Jonathan Meese Releases Bizarre Video on Donald Trump and the End of Democracy
Artists must act, not react, he said.
Jonathan Meese has uploaded a bizarre new video to his YouTube channel “Propagandawerk” (propaganda work), in which, for over 15 long minutes, the controversial German artist delivers a scathing take-down of the art world’s reaction to the election of Donald Trump, announcing that democracy, as a system, is faulty and must be replaced with something new.
The monologue, titled Dr. Humprt TRUMPty de Large d’On, begins with Meese announcing that he is speaking as himself, rather than one of the tyrannical personae of his anarchic performances. “I, Jonathan Meese, say ‘I do not participate in the game called democracy.'”
Calling Trump “the greatest performer on this planet right now, second only to myself,” Meese angrily lashes out against his fellow artists, accusing them of inactivity and idleness, arguing that Trump has pulled the carpet from underneath their feet, usurping the role of the artist by questioning and testing the limits of established systems on their behalf.
“How can I as an artist go on the street against something that has become a reality?” Meese asks. “The artist creates reality, the artist is reality, not the perpetrator nor the victim. Art is reality. As artists we cannot react, we have to act! We can’t go on the street to protest against Trump or Putin—because they are the ones who acted first!”
At this point in the video Meese, clad in his signature black Adidas tracksuit, starts to lose his composure, becoming increasingly louder and angrier. “At the moment the people only see the reflections of themselves. They celebrate their helplessness, and that pisses me off so much! I can’t stand the lack of anger and aggression of these protests and protestors. I can’t stand these masses of self-obsessed subjects who think that just because they’re reacting, they’re on the right side of politics. You must act!” He screams.
Placing the blame on what he calls the “dictatorship of democracy,” Meese goes on to denounce democratic systems of government for enabling populism.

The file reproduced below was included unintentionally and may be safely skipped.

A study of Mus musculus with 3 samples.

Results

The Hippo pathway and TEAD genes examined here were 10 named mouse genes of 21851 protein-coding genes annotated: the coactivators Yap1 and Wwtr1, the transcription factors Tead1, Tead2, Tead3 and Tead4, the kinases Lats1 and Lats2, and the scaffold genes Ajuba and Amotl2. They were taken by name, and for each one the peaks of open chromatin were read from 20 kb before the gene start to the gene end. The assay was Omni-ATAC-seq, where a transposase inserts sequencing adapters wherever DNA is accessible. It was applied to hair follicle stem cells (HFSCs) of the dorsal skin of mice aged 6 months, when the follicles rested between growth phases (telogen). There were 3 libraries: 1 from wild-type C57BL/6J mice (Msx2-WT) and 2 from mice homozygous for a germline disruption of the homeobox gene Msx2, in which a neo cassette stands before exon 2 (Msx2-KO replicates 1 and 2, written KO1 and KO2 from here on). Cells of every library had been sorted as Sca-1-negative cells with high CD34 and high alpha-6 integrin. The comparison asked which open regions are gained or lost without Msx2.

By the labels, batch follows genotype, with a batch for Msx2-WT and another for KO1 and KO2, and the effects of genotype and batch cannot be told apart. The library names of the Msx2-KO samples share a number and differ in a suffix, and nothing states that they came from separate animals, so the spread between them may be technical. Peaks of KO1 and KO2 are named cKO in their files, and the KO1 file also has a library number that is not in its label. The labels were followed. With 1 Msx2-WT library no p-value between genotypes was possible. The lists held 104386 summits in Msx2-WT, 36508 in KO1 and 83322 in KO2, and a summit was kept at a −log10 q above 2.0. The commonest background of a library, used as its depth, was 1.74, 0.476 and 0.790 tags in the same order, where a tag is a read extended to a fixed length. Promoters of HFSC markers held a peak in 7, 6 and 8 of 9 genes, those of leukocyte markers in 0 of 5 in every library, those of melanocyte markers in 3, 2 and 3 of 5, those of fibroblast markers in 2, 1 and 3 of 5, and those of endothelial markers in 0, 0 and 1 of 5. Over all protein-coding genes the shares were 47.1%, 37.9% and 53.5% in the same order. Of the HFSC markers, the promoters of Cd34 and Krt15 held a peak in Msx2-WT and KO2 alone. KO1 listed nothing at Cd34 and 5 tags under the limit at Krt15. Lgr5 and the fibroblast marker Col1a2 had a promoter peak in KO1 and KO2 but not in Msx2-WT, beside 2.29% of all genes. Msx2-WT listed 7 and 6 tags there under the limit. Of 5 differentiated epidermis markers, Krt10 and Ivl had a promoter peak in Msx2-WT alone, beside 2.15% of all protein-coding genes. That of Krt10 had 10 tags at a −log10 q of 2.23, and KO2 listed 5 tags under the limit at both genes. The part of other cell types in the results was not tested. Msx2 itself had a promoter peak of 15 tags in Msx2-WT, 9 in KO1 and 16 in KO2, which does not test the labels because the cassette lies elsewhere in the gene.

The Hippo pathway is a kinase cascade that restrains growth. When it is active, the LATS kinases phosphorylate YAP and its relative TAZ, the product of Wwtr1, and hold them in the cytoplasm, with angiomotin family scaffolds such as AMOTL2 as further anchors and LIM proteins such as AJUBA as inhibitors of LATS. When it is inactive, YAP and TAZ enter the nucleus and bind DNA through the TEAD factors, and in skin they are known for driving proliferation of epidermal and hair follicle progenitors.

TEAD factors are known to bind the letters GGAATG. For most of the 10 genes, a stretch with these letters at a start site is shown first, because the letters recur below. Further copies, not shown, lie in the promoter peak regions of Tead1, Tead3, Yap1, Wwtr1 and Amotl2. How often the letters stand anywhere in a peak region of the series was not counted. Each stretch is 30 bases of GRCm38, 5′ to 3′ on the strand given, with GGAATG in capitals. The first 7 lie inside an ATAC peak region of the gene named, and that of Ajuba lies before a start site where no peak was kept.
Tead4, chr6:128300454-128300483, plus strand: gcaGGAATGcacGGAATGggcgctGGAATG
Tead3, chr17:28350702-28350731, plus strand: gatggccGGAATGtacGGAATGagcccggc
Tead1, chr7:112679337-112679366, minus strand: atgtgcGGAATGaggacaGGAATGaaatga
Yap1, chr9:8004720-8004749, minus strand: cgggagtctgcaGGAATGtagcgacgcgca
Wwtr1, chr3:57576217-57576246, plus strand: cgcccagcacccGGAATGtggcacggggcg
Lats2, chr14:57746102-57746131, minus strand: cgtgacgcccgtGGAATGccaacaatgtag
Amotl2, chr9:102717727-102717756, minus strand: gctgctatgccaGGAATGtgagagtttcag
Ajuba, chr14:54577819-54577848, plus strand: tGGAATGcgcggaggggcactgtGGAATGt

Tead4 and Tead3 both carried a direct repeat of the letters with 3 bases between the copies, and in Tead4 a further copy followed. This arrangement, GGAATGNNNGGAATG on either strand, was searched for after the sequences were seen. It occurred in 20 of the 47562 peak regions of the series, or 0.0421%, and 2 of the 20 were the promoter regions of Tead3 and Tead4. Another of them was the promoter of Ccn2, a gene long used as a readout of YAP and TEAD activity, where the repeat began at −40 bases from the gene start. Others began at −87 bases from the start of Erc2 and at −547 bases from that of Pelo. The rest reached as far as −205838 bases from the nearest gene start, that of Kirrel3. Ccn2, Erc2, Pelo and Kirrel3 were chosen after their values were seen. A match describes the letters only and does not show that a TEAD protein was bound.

Rather than going out on the streets to protest the travel ban, Meese says shaking with anger, people should counter with even more radical reactions, like closing the borders off completely. “Don’t let anyone in!” he suggests, “drive the situation to its absurd maximum, it’s already all absurd!”
The camera then changes to a wide-angle view of Meese’s studio, to show the artist’s mother uncomfortably fiddling with a jacket draped over the back of a chair while her son continues to shout, in a wide-legged stance, alternately directing his rant towards the elderly woman, and into the void of his workplace.
“Now the intellectuals and the artists are coming out and saying ‘what happened?’ The worst person has been elected.’ Maybe the act of electing is wrong? Maybe that’s something we should be thinking about?” He exclaims.
“The situation is that democratic systems enable people like Donald Trump, people like Angela Merkel. Democracy is so hollowed out, so non-saying, so idiotic—whether the people or the elite vote democratically is irrelevant,” he yells.
“The future is only that which is not electable. Love, humility, camaraderie, breathing.”
He closes the lecture by asserting that he wants a “system of government that produces neither victims nor perpetrators.” Rather optimistically, he shouts, “show the democratically elected politicians that this is our limit, we don’t want you!”